Iowa is getting a bad rap. They held their caucuses and they tried to upgrade using an app and it failed them. Sounds like some of the apps I tried, found wanting, and deleted. In the wake of the confusion many leaders in the Democratic party and the media are calling for Iowa to get rid of its “archaic” mode of counting votes . I disagree.

As illustrated by Michael Barbaro, host of the New York Times podcast “The Daily,” there is a clear process for the voting caucuses. Voters arrive at a set place and time, check-in, and then proceed to the location of their preferred candidate. If a particular candidate does not have at least 15% of those gathered in the room, they have to move and find another candidate. There is lots of conversation and efforts to persuade others to come to support this or that candidate. After the jockeying is over, then the totals of the remaining candidates are notes and reported in. Everyone goes home after two hours of grassroots democracy.

The problem in Iowa was not the caucuses, but the reporting system. The app that was going to make it all quick and efficient turned it into a mess. The voters in Iowa did their part, but when the app failed, they did not have a good plan B, a backup reporting system in place. This frustrated all the pundits in the media who wanted to be the first to “call Iowa.” They wanted a quick report, clean efficient, clear.

The problem is that is not how democracy works, real democracy.

While I am not from Iowa, I have participated in the caucus system in Minnesota. I found it to be a fascinating experience of grassroots democracy. People come together, often with neighbors, co-workers, and others they know and talk about issues and candidates. It can be deep, congenial and informative. And you have to make tough decisions – do I support this person or that one? go here or there? Sometimes the determining factor was an issue, at other times a particular candidate. But I felt like I was working with my fellow citizens in the way it was designed to be.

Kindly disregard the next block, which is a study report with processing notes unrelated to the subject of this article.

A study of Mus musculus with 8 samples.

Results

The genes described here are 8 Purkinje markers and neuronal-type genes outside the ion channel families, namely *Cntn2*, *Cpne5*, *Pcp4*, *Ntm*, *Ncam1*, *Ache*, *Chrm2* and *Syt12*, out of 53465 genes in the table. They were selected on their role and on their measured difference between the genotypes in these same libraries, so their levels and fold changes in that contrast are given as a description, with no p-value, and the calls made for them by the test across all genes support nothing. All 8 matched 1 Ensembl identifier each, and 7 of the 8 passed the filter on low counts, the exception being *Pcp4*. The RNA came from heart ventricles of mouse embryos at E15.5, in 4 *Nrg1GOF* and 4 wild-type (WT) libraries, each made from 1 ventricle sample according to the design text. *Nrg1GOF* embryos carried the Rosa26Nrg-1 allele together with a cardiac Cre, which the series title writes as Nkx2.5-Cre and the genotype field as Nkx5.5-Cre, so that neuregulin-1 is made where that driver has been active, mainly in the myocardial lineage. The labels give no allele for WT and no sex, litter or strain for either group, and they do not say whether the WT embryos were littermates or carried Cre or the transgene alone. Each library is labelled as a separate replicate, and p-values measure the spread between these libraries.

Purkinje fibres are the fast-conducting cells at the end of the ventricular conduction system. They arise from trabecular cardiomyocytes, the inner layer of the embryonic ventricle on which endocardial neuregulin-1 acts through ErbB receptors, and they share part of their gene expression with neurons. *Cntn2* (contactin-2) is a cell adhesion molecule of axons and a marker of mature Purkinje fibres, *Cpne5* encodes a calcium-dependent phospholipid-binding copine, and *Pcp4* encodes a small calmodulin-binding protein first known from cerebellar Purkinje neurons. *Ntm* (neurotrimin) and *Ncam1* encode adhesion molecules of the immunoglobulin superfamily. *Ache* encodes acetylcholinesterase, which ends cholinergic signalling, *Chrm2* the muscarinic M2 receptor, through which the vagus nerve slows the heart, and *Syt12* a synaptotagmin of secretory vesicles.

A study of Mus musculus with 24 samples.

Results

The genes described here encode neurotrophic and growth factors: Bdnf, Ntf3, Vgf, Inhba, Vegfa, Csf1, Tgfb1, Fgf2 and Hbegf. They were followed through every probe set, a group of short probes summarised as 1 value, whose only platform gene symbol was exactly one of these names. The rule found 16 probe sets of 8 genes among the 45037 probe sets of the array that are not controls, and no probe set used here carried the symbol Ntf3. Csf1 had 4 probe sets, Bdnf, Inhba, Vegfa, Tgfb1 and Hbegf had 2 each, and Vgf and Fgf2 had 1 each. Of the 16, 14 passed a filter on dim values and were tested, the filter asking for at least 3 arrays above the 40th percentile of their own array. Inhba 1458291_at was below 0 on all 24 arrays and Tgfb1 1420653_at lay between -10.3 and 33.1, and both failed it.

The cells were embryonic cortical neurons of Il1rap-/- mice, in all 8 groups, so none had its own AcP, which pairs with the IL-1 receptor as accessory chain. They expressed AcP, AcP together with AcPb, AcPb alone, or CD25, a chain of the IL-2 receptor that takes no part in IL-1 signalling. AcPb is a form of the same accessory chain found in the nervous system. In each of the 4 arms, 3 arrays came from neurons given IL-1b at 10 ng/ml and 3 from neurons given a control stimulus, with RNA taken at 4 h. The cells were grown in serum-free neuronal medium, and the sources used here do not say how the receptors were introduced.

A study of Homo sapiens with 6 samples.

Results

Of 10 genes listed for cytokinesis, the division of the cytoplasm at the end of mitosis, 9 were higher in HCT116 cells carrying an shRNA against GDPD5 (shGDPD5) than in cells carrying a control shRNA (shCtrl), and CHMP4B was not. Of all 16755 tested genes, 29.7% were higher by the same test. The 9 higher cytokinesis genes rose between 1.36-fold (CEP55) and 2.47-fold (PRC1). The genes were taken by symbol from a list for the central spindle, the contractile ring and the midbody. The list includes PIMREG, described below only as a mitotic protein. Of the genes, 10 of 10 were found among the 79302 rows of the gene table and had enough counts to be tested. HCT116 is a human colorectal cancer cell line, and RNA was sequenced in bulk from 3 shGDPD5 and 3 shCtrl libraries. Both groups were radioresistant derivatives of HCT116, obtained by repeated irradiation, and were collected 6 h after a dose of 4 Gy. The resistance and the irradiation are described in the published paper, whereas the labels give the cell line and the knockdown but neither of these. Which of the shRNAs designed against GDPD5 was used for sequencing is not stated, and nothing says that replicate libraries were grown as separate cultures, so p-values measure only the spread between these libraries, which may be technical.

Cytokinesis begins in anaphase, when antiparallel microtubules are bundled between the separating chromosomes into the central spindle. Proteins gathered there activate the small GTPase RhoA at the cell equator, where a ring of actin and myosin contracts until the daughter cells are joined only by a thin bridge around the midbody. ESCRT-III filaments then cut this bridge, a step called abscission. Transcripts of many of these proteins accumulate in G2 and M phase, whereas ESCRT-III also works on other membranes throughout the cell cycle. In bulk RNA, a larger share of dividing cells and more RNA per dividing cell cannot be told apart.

Minnesota has vacillated between using primaries and caucuses during the presidential elections years. This year they will have a primary, where people come and vote. My year, 1988, they had both! And the caucuses and the primaries came up with different candidates for governor on the Republican side, so that year there were 3 candidates: Two Republicans and one Democrat, and the caucus Republican won!

I have grown weary of the way the major parties try to control the process. By many accounts, Bernie Sanders might have won the Democratic nomination in 2016, but the party bosses wanted Hillary. Nothing wrong with Senator Clinton; she would have done far better than #45, but its for the people to decide, not the party bosses.

What I like about the caucus system is even if your first choice candidate is not viable, you have an opportunity to support another candidate. In the primaries, you are one and done, and the voter often faces the terrible choice of having to decide between the candidate they really like vs. the one they think has a chance to win. Why not give us all two rounds? Serve coffee and donuts the second time, so we can sit around and talk about why we are voting for our candidate. How about having a real conversation rather than a posting of Facebook or a Twitter storm attacking the other person’s favorite.  Maybe we would not have such pol;arization if we actually talked to each other as citizens rather “flame” each other on social media. Coming together usually leads to greater civility.

Don’t blame Iowa – they were just doing their part. Yes, it is messy and time-consuming, but that’s democracy. Get over it!